Gonzo 2012 / Esoteric 2014
Spaced out but not out there, another marvelous crusade of the Caped Wizard.
If the myriad of Rick Wakeman’s studio works requires a guide for the uninitiated who don’t want to be playing a hit-or-miss game, the keyboardist’s live recordings are always the listener’s gain. So while 2003’s "Out There" felt like a quirky concept confection, on the road its excerpts lent themselves to a context which mixed time-tested classics with a newer material. Choosing from his vast catalogue never was a challenge for Rick, what with his improvisational bent, yet the situation Wakeman started that UK tour in was.
Shortly before the first gig Damian Wilson, who sang on the album, vanished and, although a purely instrumental performance didn’t pose a problem, the piano man called his choice voice Ashley Holt to step forward as he did many times before and supplant the suppleness of his predecessor with refined muscularity. Hence the title of this CD, a document of their heroics. Both veterans are in their dramatic element on “No Earthly Connection” here, yet the main thread during those concerts was cosmic-centered – not for nothing Wakeman reimagined Steve Howe’s “Wurm” and gave much string reins to Ant Glynne – so two fresh cuts, grand rockers “Out There” and the choir-enhanced “Cathedral In The Sky,” provide a lot of space for the guitarist to fly. He does just that on the opener “Catherine Parr” that is expanded with the unreleased “Beware Your Enemies” where synthesizers take over from the organ, before drummer Tony Fernandez and bassist Lee Pomeroy give rhythms an impressive weight to which Holt’s heavy lungs contribute nicely.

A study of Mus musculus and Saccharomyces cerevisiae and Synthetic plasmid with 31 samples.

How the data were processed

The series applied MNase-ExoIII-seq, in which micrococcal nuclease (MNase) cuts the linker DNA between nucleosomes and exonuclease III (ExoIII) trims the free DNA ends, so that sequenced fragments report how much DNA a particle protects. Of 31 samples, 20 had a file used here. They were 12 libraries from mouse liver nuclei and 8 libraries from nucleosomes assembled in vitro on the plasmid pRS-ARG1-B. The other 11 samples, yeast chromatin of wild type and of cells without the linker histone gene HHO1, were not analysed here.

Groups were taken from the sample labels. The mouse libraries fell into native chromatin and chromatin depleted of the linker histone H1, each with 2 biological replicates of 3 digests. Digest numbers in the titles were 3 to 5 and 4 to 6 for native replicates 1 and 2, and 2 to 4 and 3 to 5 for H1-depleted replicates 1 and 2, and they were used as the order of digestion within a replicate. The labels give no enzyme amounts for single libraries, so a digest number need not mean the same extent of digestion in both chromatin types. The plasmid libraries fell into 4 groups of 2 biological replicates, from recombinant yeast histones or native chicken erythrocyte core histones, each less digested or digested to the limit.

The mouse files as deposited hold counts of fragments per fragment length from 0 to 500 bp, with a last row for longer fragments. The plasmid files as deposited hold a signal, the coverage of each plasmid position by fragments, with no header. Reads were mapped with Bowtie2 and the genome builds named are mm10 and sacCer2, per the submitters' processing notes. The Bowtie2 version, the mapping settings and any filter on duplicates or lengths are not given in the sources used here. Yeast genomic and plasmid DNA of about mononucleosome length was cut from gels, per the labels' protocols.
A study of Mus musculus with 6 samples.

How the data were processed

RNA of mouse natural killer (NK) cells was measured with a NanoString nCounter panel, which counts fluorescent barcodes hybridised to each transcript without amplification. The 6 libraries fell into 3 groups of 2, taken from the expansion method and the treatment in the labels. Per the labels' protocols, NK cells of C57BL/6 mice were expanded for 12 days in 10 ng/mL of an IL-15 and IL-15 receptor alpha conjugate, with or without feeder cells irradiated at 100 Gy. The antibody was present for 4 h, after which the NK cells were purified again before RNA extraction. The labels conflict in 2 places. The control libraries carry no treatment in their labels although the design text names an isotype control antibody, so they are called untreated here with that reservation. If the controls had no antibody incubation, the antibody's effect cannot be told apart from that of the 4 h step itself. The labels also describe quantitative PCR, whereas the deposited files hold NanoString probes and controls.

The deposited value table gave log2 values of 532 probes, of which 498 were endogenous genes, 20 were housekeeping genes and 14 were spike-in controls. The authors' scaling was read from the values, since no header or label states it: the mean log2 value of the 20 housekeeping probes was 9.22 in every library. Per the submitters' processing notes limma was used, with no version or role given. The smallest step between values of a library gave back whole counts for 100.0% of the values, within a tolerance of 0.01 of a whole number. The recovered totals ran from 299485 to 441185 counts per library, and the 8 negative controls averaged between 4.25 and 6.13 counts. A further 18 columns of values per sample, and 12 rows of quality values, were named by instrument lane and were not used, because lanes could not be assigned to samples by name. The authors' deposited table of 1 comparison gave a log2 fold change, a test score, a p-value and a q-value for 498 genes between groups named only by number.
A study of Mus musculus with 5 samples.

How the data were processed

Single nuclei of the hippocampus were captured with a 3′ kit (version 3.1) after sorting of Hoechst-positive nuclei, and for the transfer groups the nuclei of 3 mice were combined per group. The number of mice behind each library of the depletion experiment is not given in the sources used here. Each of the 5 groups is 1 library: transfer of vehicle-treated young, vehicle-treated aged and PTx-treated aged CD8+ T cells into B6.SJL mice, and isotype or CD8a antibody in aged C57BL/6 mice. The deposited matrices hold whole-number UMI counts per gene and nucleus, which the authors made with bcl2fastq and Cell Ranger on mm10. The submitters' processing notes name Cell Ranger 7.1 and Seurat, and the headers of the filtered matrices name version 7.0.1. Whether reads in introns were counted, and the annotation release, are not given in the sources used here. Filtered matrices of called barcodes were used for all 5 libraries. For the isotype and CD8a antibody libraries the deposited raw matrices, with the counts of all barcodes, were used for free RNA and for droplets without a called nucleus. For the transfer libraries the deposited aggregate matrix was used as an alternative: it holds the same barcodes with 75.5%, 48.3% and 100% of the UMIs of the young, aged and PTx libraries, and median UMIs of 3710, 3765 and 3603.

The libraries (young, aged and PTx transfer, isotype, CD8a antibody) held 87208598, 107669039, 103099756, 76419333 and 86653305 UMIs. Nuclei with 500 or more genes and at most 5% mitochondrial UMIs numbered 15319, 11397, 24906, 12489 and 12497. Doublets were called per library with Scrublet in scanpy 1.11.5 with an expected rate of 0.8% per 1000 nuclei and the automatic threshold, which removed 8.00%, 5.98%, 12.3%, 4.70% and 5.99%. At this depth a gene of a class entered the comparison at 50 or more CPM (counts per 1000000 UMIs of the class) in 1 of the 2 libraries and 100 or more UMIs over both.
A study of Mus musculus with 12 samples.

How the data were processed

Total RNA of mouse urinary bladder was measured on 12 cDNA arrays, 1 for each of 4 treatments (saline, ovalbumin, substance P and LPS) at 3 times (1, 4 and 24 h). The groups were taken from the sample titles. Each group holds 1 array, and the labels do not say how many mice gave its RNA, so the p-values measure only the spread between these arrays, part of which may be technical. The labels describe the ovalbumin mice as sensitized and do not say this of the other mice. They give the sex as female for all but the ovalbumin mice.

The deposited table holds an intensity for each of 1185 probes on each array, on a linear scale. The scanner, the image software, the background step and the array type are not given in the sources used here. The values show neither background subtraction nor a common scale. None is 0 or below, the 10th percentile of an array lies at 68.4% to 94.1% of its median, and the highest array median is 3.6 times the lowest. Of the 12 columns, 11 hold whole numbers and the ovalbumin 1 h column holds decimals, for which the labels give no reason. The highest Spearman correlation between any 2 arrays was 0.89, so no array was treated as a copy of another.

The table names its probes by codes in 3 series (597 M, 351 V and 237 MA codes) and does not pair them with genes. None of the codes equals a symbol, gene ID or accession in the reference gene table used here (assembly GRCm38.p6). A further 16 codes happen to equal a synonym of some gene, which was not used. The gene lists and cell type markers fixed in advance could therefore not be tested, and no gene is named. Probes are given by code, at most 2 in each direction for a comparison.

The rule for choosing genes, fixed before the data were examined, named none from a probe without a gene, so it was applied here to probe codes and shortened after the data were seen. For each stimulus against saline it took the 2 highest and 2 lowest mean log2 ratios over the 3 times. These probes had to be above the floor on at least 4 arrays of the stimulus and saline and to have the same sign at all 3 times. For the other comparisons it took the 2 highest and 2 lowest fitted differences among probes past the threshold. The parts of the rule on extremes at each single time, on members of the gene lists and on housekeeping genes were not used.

Much lighter fares their groove on the slinky “White Rock” and “The Dance Of A Thousand Lights,” led by Rick’s elegant piano and faux orchestra and quoting the original “Journey.” Such curious selection of tracks makes this album very interesting but the ensemble’s delivery turns it into a celebration of sound. And there are also liner notes penned by the wiz himself whose http://dmme.net/reviews/books.html#wakbook raconteur skills are on par with his playing.